Album: Saga King
Release Date: July 30, 2021
Saga King is the latest album from Toronto-based artist, John Orpheus.
Saga King was made as a companion to John’s acclaimed memoir, Saga Boy: My Life of Blackness and Becoming, released earlier this year as a digital audiobook — with physical copies to be released in mid-September.
John describes Saga King as a “Love Letter” to himself and that love is evident in every track. Saga King is clearly a victory lap for an accomplished musician and writer. While writing Saga Boy, John became inspired to produce this album and did so over a six-week period in Autumn of 2020. This condensed period in no way lacks the refinement of a ‘rushed’ project but has the easy style of a polished artist who could knock out exceptional tracks in his sleep.
Saga King jumps right into your eardrums with its first notes to its final frets to demand you dance with it. Even when the tracks cover somber topics such as war, the passing of a family member, or missing family and the Caribbean during the pandemic, they keep an upbeat tempo with a focus on hope over despair. As John says, the album focuses on themes of belonging, identity and the celebration of sovereignty only self-awareness can bring — the celebration of a Boy turned King.
Standout tracks on Saga King were “IG”, “Damn”, & “Olurun”. “IG” kicks off the album as its first track with a bang as John stresses how he’s IG (IG here stands for “I Got To Live”) despite all of the pressures the world puts on his shoulders. Featuring a crowded chorus, driving bassline, kicking drums, and even cowbell, “IG” creates a cacophony that John’s flow deftly navigates with ease.
“Damn” is similarly chaotic, featuring loud kick drums, horns, and a healthy mix of 70s funk to more modern hip hop trends. Here, John reflects on his long storied career through the music industry as a black performer and the changes he’s seen in it throughout.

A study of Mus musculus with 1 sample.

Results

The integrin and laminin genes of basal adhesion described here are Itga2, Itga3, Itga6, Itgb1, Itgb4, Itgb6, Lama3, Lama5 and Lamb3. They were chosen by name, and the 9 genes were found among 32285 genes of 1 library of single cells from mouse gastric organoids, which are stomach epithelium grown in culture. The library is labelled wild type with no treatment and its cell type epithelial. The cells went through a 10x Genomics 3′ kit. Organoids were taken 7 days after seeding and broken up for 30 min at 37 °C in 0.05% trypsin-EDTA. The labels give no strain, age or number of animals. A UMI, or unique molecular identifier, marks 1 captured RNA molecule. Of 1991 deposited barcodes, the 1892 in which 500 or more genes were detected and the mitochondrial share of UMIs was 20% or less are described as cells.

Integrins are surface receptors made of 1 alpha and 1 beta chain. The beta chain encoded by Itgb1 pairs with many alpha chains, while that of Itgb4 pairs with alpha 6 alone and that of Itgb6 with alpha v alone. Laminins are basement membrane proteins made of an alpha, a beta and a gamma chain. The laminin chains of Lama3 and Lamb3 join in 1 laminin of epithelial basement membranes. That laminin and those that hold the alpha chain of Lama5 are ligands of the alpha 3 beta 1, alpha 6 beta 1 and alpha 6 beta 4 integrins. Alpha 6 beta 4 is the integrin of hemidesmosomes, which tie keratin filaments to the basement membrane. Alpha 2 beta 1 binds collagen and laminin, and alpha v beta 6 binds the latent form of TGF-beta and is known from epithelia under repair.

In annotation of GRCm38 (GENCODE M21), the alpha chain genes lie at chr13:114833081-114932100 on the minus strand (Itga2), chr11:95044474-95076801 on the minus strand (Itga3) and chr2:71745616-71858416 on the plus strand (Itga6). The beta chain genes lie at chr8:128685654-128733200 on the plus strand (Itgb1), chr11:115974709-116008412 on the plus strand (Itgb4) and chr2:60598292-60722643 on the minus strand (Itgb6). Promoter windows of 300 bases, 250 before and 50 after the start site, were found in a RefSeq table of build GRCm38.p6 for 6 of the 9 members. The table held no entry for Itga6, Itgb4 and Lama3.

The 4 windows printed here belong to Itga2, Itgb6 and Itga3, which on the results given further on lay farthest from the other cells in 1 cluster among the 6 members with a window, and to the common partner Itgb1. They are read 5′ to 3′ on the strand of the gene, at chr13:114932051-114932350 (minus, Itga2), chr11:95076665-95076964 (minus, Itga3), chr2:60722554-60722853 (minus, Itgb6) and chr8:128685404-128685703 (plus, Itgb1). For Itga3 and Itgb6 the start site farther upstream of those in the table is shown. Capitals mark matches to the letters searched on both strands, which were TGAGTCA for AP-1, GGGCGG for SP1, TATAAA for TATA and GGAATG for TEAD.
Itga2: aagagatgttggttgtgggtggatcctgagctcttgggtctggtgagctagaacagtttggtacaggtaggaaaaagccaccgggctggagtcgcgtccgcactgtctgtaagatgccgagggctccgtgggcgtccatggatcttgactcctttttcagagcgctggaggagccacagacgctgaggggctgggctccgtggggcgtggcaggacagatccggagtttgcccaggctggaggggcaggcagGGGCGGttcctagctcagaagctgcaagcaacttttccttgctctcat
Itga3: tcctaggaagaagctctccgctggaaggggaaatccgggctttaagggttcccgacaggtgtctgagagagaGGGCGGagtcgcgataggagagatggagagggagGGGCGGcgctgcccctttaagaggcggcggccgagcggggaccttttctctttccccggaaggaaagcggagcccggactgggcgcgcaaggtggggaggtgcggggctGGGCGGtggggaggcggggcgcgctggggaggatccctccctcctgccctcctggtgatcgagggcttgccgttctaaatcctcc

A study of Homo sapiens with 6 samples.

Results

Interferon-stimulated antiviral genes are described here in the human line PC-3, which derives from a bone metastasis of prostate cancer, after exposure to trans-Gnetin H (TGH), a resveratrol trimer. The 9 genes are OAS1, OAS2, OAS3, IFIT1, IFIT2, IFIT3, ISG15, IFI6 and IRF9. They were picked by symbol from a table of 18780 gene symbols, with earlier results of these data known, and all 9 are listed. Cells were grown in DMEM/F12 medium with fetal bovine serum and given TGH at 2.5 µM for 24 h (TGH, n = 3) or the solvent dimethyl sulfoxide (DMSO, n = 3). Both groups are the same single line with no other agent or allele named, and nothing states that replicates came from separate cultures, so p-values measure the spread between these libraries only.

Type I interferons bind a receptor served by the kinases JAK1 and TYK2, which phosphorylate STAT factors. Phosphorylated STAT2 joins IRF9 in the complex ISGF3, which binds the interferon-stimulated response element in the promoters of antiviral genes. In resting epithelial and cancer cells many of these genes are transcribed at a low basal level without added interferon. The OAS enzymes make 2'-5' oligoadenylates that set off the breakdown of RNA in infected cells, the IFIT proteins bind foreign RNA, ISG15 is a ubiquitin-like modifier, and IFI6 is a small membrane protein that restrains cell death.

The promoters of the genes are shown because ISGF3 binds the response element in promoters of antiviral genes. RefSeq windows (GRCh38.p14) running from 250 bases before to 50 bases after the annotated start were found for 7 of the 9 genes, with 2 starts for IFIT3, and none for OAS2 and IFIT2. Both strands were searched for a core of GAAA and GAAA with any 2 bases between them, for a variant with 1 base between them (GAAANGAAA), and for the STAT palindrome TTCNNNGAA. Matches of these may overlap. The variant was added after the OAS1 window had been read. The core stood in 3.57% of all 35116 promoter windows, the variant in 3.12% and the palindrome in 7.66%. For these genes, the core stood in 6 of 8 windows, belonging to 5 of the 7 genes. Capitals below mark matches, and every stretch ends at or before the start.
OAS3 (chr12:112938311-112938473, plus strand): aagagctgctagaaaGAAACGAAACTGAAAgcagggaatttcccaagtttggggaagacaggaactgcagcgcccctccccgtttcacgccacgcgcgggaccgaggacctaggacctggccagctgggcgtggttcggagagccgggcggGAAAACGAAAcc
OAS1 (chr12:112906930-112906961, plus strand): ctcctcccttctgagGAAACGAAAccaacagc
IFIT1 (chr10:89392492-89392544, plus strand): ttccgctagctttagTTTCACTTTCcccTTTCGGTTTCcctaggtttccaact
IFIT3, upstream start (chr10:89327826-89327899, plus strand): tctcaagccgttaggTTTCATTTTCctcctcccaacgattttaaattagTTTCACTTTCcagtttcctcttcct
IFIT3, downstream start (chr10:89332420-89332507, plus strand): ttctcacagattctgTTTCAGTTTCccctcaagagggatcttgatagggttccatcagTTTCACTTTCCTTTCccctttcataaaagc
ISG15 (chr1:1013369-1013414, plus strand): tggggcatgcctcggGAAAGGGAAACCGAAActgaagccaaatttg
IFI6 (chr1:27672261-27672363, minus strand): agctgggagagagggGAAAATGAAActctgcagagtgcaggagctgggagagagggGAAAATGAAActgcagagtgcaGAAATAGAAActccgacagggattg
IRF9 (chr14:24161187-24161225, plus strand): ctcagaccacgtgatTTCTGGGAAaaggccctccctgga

“Olurun” (another word for God) adopts the pastiche of traditional indigenous folk songs, but with a modern twist. Featuring a female vocal chorus and handclaps at its base, Olurun also adds distorted bass and electric samples. The result is a powerful song of praise for Olurun as John pays homage to his spiritual side and its part in his development and the wellspring of hope Olurun gives to him about the future.
I grew up in Alberta, but spent most of my life in British Columbia – I also spent a lot of my summers in Britain as I was lucky enough to have immigrant parents with the capital to go visit our relatives. The amount of time I spent overseas makes it hard for me to say I feel fully Canadian, but it does make me feel typically Canadian as so many of us have mixed parentage. My parents defined another divide in me as I feel inexorably pulled to both science and the art; my father being a doctor and my mother being a school teacher. I studied both in university and now work on making healthcare software during the day, then write/read/draw/paint/dance in my evenings. My global wanderings, my education, and the fact that my appetite for media could be described as ‘voracious’ means my frame of reference is pretty varied. It’s hard to say that I have a favourite music genre, rather I am always seeking sounds that convey a sense earnestness an honesty.